Multi-year study evaluates panfish production at C.J. Strike Reservoir

C.J. Strike Reservoir is one of the most popular fisheries in southwest Idaho. Situated at the confluence of the Snake and Bruneau rivers, the C.J. Strike Dam was completed in 1952 creating a 6,700 acre reservoirThis large waterbody offers a diverse fishery, from rainbow trout to white sturgeon to smallmouth bass. However, the reservoir’s panfish species (specifically crappie and yellow perch) are by far the most popular among anglers. With numerous boat launches and campgrounds located about an hour drive from the Treasure Valley, the reservoir is an especially popular destination for anglers looking to catch some of Idaho’s tastiest freshwater species. The crappie fishing has been exceptionally popular this spring with many anglers having great success.

 

Crappie at CJ Strike Reservoir
All rights reserved.
IDFG

If you are one of the many anglers who have spent time on C.J. Strike Reservoir this spring, you may have noticed Idaho Fish and Game employees on the water. Southwest regional fisheries staff have been busy sampling this reservoir as part of an ongoing multi-year assessment of panfish population dynamics. We use numerous gear types to sample all size classes of crappie and yellow perch in the reservoir to identify year-class strength. In the spring, gill nets, trap nets and boat electrofishing are used to sample these populations. Throughout the month of June, we use a fine meshed net to sample larval fish produced in each year’s spawning cycle and compare this production to previous years. Zooplankton sampling also takes place from May through October to evaluate the amount of food available for growing juvenile fish. In the fall, we again sample the populations with gill nets, trap nets, and boat electrofishing but also include otter trawling to further evaluate the survival of both adult and juvenile fish over the summer.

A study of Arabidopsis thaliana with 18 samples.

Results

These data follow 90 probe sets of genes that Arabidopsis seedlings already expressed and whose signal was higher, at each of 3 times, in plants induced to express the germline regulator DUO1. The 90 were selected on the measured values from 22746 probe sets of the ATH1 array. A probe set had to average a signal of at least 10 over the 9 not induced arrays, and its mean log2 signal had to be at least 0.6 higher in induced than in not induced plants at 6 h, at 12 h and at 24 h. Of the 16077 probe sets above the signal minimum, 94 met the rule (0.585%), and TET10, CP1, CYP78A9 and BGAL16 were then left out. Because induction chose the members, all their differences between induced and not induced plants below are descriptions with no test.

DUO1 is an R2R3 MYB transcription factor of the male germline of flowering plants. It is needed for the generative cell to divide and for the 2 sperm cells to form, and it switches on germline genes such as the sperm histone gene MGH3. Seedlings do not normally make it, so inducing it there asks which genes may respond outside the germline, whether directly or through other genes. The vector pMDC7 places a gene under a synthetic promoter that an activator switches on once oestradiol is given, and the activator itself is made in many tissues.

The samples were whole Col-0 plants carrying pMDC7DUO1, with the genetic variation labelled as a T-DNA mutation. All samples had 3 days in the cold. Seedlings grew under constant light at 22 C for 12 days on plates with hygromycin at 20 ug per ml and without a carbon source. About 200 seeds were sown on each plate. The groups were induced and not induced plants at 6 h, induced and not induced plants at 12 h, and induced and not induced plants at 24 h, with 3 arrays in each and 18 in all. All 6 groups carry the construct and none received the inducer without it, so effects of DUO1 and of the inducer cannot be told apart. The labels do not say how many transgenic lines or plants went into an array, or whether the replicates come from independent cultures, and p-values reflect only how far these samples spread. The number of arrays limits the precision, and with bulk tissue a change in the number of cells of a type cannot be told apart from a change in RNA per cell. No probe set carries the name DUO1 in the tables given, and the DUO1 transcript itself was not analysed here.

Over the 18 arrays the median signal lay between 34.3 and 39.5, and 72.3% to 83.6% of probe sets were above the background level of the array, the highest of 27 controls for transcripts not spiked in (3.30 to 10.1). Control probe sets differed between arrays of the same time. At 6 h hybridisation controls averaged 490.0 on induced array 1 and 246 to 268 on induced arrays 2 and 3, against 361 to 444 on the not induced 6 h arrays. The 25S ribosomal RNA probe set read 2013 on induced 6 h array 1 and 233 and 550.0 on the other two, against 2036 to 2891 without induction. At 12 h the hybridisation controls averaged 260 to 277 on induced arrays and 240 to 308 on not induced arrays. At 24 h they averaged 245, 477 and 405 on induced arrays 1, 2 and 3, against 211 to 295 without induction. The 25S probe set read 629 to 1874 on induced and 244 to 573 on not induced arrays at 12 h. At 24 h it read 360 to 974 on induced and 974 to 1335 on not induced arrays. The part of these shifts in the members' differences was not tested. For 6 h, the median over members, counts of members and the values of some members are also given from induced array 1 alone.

IDFG fisheries crew collecting data
All rights reserved.
IDFG

In addition to length and weight data collected on captured fish, dorsal fin spines are also clipped from adult crappie to estimate age. Using age and length data together, we are able to estimate growth rates. Angler harvest of crappie is also estimated by both tagging captured fish and then retrieving data reported by anglers from the Tag! You’re It database and through spring and fall angler check stations. This sampling protocol was implemented in 2016 and will likely continue until approximately 2022.

Cross section of dorsal fin spine from a three-year-old crappie under a microscope
All rights reserved.
IDFG

Based on age estimates, the vast majority of crappie captured in this year’s spring survey were produced in the 2017 spawn and they are now over three years old with an average size just over nine inches. Crappie life cycles often exhibit these boom and bust year classes like we have seen with the booming 2017 cohort. These crappie will likely begin to taper off in the next few years as age and spawning stress take their toll on this portion of the population. So if you’re looking for an exciting and active fishing experience, try your hand at crappie fishing at C.J. Strike Reservoir this year. You can find more information about the reservoir’s fish species, regulations, stocking and access on the IDFG Fishing Planner.